There is a lot of evidence to show that taking part in structured activities develops crucial capabilities in young people – capabilities such as the ability to stick at things, to empathise with others, to co-operate effectively and to regulate one’s emotions. It would not be right to suggest that in light of this evidence provision of traditional academic education should be reduced. But there is certainly a case for widening opportunities to gain repeated experience of activities that build such capabilities.
But how do we know which programmes actually enhance capabilities? Working in partnership with v (the National Youth Volunteering Service) Demos will be piloting a set of evaluative tools that measure changes in capabilities. These tools will consist of a mix of self-reporting questionnaires and more objective tests of cognitive, social and emotional skills. We will also pilot the testing of implicit social dispositions such as a sense of trust towards others. The idea is to develop a way of capturing a holistic picture of young people’s capabilities.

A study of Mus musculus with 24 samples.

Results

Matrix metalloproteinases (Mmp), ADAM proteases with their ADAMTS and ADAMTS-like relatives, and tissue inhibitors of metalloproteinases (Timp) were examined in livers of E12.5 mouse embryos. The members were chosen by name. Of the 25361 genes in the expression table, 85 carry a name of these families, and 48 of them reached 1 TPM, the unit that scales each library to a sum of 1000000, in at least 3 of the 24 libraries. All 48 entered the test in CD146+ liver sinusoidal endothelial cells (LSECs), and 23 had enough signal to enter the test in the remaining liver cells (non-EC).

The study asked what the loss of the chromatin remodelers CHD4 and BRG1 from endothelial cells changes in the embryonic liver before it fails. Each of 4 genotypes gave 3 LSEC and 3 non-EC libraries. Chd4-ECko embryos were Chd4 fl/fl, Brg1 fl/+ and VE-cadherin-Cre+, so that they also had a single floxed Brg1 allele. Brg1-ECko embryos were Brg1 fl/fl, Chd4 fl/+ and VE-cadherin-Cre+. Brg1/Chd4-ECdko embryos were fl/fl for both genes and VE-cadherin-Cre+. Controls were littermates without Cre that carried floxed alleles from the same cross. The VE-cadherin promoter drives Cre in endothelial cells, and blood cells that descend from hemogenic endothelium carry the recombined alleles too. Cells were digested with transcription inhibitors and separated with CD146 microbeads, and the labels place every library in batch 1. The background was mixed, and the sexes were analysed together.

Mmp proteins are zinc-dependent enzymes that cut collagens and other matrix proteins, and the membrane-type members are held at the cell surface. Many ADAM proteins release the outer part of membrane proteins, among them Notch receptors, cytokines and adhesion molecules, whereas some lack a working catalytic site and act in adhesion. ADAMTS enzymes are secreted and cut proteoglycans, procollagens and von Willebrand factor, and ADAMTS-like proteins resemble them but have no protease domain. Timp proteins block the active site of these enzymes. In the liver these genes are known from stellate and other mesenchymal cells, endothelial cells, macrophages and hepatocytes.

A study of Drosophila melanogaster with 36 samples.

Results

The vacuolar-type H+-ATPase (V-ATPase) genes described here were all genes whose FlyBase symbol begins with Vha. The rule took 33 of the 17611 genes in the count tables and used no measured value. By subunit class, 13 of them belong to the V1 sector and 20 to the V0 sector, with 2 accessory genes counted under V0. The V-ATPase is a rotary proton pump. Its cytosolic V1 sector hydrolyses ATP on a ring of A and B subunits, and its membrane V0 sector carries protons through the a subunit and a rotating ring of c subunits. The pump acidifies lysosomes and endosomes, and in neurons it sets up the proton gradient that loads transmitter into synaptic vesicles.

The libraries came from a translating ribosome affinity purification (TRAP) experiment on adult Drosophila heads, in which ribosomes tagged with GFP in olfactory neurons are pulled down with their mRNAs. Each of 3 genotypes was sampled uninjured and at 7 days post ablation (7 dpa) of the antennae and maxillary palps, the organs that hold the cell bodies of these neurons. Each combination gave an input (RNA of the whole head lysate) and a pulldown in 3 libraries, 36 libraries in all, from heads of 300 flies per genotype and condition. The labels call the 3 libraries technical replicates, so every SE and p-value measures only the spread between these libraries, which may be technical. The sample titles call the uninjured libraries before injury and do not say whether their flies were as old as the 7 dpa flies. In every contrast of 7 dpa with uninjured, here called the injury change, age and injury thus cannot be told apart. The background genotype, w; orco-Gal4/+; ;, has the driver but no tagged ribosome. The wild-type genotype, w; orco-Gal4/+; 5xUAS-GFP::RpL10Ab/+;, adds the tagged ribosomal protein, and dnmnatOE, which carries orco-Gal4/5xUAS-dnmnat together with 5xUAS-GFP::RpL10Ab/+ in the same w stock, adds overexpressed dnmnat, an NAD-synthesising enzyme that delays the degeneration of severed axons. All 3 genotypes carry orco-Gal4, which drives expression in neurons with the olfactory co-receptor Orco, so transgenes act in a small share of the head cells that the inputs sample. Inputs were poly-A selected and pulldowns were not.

One reason for taking such a holistic approach is that some changes in young people’s capabilities occur through the development of habits and responses that fall below the level of consciousness (taking place in what might be termed the ‘automatic brain’). Another reason is that even where capabilities are given to consciousness, data recording their development are rarely collected. It is for these two reasons that structured activities bear a hidden value. Our research with v aims to go some way to measuring this value.
We are currently carrying out a thorough literature review and developing a battery of questionnaires and tests that we will use for our fieldwork. We will carry out our fieldwork with a cohort of participants in v’s talent year programme between September 2010 and February 2011. We will then disseminate our findings in a Demos report to be published in April 2010. In this report we will also provide a critical overview of debates and research around young people’s capabilities, as well as some policy recommendations on increasing capability-building opportunities for young people.
For more information about the project, contact Matt Grist.
This report assesses the impact of long-term volunteering schemes on work-readiness and capabilities.